Three men – two Republicans and one Democrat – took oaths last week to serve as members of the Forsyth County Board of Elections.
Fleming El-Amin, Ken Raymond and Stuart Russell each signed on to serve two year terms with the Board, which is responsible for conducting all elections held in Forsyth County and ensuring that state election laws are upheld.
All three are new to the board, which was previously comprised of Chairman Linda Sutton, Secretary Michael Flatow and member Jonathan Dills. Sutton, a Democrat who had served six years on the board, opened the July 16 meeting by welcoming the new members and guests before officially relinquishing her seat.
“It’s good to see you all here and excited and interested in your Board of Elections,” said Sutton, who also serves as a field organizer for the nonpartisan organization Democracy North Carolina. “I am so thrilled.”
The new board, whose majority is selected based on the party of the sitting governor, elected Republicans Raymond and Russell as chairman and secretary, respectively. As chair, Raymond, a 911 dispatcher and president of an educational organization, said the GOP-led board will focus on voter integrity and compliance with state laws.
“It’s important to maintain voter integrity. Voter integrity is vital to establishing freedom in this country and maintaing freedom in this country, so voters in this country can direct their own paths,” said Raymond, who has been involved in local politics for the past 18 years and had made several unsuccessful attempts to win elected positions. “I really do take it seriously to keep voter integrity in this process. That really is close to my heart.”
Russell, an attorney with Wilson Helms & Cartledge, LLP, also underscored the importance of ensuring that all voting sites countywide are in compliance with state laws and regulations.
El-Amin, a high school teacher who has been active in the local Democratic party for more than three decades, made the trek back from his family vacation in Emerald Isle to be present at the meeting. The grandfather of seven called for transparency and fairness on the board.
“Nothing on this board should be hidden or said under the shadows of the moment …they should all be broad daylight discussions,” El-Amin remarked. “Fairness is very important as well. We have to be fair across the board.”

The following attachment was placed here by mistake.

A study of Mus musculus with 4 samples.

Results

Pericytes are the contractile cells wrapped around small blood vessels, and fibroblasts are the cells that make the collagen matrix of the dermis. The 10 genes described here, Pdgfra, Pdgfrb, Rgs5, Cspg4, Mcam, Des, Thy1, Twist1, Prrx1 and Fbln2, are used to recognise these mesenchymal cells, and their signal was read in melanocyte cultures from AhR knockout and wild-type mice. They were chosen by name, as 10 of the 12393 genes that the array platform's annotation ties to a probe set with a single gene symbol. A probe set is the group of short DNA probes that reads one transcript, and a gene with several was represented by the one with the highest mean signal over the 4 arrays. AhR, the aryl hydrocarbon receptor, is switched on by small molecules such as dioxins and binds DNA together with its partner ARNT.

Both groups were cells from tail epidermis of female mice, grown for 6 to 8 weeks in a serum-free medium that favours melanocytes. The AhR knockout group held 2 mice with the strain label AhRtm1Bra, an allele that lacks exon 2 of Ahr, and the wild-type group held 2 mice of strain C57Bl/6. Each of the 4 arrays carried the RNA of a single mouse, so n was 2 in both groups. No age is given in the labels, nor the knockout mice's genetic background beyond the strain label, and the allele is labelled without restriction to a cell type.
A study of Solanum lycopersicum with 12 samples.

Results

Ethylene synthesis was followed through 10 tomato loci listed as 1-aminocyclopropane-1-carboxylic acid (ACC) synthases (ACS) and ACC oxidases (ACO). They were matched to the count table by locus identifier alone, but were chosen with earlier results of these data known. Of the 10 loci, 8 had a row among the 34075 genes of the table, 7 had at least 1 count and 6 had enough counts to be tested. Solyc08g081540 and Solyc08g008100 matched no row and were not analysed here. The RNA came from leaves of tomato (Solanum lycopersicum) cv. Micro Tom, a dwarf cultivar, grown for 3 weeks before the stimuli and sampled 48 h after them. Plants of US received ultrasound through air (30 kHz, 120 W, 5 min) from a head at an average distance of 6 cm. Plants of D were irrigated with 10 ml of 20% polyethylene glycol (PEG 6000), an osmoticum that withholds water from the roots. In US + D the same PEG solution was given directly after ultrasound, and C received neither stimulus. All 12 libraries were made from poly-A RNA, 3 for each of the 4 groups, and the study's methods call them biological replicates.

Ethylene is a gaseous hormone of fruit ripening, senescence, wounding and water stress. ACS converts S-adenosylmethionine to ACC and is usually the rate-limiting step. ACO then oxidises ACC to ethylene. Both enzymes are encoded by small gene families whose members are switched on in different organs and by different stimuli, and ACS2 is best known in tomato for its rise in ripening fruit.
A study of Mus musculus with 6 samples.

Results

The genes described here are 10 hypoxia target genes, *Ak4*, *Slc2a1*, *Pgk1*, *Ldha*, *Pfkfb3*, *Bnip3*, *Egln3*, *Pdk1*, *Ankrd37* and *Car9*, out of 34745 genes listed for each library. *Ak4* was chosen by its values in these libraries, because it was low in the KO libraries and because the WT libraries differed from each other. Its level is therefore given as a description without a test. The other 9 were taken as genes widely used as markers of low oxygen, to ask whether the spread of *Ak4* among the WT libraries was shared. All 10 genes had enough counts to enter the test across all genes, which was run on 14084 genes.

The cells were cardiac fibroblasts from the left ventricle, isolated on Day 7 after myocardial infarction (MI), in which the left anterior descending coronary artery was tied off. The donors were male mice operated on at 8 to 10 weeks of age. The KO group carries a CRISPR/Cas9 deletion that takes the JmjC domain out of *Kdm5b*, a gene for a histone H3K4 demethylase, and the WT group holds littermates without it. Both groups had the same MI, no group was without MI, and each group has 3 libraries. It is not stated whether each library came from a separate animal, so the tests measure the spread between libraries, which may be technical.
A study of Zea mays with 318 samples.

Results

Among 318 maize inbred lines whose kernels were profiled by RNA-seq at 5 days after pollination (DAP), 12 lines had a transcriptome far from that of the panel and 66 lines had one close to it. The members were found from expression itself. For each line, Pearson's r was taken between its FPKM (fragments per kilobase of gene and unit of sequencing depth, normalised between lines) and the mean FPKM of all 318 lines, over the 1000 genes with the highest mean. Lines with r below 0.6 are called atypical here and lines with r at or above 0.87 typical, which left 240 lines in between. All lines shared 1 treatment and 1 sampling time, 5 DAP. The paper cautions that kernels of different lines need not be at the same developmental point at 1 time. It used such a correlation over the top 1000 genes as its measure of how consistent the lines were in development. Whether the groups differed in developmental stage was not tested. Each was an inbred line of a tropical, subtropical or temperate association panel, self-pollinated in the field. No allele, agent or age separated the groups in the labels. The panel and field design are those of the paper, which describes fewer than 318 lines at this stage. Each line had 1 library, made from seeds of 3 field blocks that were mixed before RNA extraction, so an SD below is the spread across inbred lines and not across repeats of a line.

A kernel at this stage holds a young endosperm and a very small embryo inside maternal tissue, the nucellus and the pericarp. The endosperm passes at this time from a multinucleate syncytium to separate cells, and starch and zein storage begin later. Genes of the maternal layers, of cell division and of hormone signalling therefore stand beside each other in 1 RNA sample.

El-Amin stressed the importance of ensuring easy access, especially for the most vulnerable portions of the population, in the placement of early voting sites.
“I hope I can get my fellow colleagues to see the need to have access to voting, especially for senior citizens. Locations are important, especially for them,” he said. “They’ve earned the right to have easy access to the polls.”
Director of Elections Rob Coffman briefed the new members on the rules and regulations that apply to them as members of the board, reminding them that the political activities of board members are “highly stifled.”
Among the new board’s first official duties will be choosing the locations for early voting sites. El-Amin believes that Winston-Salem State University, which turns out high numbers of young, black voters, is likely to be eliminated as as an early voting site this time around. Raymond, who worked as a precinct judge at WSSU’s Anderson Center in 2010, says he will definitely open discussion about doing away with the school as a voting site this year. As a precinct judge, Raymond said he repeatedly heard students making comments that he believes are cause for concern.
“Some of the students that came in and voted talked openly about receiving extra credit for voting. This isn’t something that someone told me … I heard it myself. They talked as if they didn’t know they were doing something wrong. But it is wrong – in fact it’s a felony,” Raymond said, adding that there were reports of WSSU faculty and staff using the campus email system to generate support for a specific party. “…Faculty and staff members should not use their position over their students to influence how they’ll vote. And they shouldn’t use campus resources – such as the email system – to turn out votes for one party.”
El-Amin dismissed claims of on-campus misconduct, calling them a “weak argument” for doing away with the site. He believes the board’s motivation for removing WSSU as a location has more to do with its left leaning populace than with any incidence of noncompliance.
“It doesn’t take too much of an imagination to understand who would be concerned about that,” he stated.
Raymond said early voting as a whole is “something that needs to be debated” because he believes it “opens us up to voter fraud.” He is opposed to same day registration for the same reason.
El-Amin said that he will work to ensure that board members champion initiatives that make sense for constituents countywide, regardless of party affiliation.
“I’ll be around and I’ll be pushing issues for the entire community, from the principle of what’s best for this community from an inclusive side, not an exclusive one,” he said. “…I’m going to use logic and data to support my position, and I hope that will win over some of my other board members for the common good.”
For more information about candidates, early voting or the Board of Elections, visit www.forsyth.cc/elections.